Robocall and Spoofing Definitions
Robocalls are automated phone calls with prerecorded or artificial voice messages. Many are legal and just simply unwanted calls while others can be illegal as the sole intent is to defraud a party of money.
Spoofing is when a caller deliberately falsifies the information transmitted to your caller ID display to disguise their identity.
- Spoofing is not always illegal. There are legitimate, legal uses for spoofing. For example, a doctor calls a patient from her personal mobile phone and displays the office number rather than the personal phone number, or a business displays its toll-free call-back number.
- Spoofing is illegal when the caller falsifies the caller ID display information to disguise their identity with the intent to defraud, cause harm or wrongly obtain anything of value.
Fraudulent Calls: Calls originating from invalid, unallocated and unassigned telephone numbers, as well as calls originating from inbound-only numbers that should never make outbound calls.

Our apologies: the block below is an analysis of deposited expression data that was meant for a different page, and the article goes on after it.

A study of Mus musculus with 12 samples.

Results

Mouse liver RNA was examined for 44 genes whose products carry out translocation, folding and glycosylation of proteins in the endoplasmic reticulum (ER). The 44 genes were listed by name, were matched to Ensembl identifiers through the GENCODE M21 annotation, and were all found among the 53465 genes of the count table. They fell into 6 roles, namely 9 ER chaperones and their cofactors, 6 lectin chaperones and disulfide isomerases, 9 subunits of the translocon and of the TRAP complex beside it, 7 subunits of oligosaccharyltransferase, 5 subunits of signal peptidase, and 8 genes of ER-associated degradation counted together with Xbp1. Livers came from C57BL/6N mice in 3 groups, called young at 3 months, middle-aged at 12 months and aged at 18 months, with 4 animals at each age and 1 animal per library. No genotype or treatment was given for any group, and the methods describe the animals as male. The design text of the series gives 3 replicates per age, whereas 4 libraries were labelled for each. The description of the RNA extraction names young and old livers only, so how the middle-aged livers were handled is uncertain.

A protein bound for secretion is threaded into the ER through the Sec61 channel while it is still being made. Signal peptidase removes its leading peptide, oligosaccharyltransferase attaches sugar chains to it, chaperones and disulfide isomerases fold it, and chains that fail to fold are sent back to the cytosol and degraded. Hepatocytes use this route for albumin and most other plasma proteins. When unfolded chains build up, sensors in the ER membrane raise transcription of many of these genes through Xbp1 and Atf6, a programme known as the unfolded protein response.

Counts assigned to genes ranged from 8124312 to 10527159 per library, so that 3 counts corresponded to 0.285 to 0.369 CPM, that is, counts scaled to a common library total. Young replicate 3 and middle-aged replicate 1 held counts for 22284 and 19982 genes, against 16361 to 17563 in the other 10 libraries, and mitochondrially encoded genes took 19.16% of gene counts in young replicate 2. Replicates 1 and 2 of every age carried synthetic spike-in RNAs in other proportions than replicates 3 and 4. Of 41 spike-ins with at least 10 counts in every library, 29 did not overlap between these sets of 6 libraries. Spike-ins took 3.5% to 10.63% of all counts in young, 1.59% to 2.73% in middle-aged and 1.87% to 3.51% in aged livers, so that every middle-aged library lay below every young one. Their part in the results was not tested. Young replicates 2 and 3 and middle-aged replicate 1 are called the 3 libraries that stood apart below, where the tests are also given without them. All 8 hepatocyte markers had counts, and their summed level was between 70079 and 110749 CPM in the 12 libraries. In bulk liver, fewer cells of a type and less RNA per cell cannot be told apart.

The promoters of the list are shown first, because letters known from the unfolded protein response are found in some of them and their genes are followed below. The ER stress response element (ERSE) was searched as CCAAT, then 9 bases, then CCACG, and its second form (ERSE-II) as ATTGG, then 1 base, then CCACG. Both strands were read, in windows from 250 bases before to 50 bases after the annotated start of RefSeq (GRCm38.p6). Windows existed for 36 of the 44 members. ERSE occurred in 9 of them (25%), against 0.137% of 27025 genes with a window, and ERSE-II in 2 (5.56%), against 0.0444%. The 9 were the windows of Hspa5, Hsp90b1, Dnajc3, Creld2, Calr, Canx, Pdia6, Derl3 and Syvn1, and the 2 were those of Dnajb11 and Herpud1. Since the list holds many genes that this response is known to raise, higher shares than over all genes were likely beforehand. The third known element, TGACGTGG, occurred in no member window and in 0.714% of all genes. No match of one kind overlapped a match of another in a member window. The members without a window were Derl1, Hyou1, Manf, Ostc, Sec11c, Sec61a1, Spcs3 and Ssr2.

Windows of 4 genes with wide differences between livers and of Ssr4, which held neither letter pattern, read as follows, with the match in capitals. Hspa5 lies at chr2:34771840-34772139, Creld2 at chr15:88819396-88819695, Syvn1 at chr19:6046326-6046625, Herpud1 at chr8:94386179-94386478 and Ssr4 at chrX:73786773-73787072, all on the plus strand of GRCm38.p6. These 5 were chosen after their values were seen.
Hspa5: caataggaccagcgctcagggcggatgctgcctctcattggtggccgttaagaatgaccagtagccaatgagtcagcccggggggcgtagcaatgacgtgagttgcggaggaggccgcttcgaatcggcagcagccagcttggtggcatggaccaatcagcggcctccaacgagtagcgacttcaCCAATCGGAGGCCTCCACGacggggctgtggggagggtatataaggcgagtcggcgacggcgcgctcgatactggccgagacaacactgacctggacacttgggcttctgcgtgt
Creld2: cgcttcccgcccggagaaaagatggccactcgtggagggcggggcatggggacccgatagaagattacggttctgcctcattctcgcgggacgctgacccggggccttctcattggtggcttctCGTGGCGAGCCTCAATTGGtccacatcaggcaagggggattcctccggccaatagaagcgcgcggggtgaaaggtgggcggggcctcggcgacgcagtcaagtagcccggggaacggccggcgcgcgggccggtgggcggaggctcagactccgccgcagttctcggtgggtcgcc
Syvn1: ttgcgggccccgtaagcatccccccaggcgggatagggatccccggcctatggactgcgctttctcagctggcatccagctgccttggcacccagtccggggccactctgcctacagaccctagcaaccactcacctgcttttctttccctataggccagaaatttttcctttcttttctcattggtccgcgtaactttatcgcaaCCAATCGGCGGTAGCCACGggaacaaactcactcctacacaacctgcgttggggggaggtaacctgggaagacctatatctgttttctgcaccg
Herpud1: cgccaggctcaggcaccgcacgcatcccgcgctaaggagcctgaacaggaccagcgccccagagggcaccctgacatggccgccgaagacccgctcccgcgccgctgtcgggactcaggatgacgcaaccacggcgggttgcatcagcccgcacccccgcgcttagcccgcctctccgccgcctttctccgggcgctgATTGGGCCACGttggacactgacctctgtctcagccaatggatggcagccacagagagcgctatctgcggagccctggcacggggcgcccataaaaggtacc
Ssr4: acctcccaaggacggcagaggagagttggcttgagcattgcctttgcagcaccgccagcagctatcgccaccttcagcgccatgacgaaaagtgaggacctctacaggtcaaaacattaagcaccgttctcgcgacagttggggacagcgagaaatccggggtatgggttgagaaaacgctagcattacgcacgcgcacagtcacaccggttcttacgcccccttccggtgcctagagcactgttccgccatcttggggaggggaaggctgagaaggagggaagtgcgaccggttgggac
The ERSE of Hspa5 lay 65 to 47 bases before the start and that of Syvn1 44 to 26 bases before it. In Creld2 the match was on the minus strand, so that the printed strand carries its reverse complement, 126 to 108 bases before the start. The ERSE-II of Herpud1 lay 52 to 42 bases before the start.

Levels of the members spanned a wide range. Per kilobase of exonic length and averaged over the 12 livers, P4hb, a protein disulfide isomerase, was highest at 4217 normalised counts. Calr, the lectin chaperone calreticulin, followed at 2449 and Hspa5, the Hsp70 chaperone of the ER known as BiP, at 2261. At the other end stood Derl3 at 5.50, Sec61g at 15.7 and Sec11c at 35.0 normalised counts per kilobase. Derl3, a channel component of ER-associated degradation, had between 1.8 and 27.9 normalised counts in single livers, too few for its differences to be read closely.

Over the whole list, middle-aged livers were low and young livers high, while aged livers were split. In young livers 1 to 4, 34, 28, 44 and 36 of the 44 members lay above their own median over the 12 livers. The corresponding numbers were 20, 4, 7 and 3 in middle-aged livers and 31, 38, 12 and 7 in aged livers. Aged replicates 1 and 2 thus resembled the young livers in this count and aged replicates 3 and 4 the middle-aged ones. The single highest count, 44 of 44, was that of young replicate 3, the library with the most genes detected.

Political calls about candidates running for office - allowed without permission
- Robocalls that are purely informational
- Flight cancellations
- Appointment reminders
- Delayed school openings
Calls from some health care providers. This includes a robocall from a pharmacy reminding you to refill /pick up a prescription. Consumers consent to receive these calls.
Debt collection calls. A business contacting you to collect a debt can use robocalls to reach you. Robocalls that try to sell you services to reduce your debt are illegal and are almost certainly scams.
Charities asking for donations. Charities can make these calls themselves. But if a charity hires someone to make robocalls on its behalf, the robocalls can only go to members of the charity or prior donors. They also must include an automated option to let you stop future calls.
Learn more about robocalls and the mitigation services we offer here.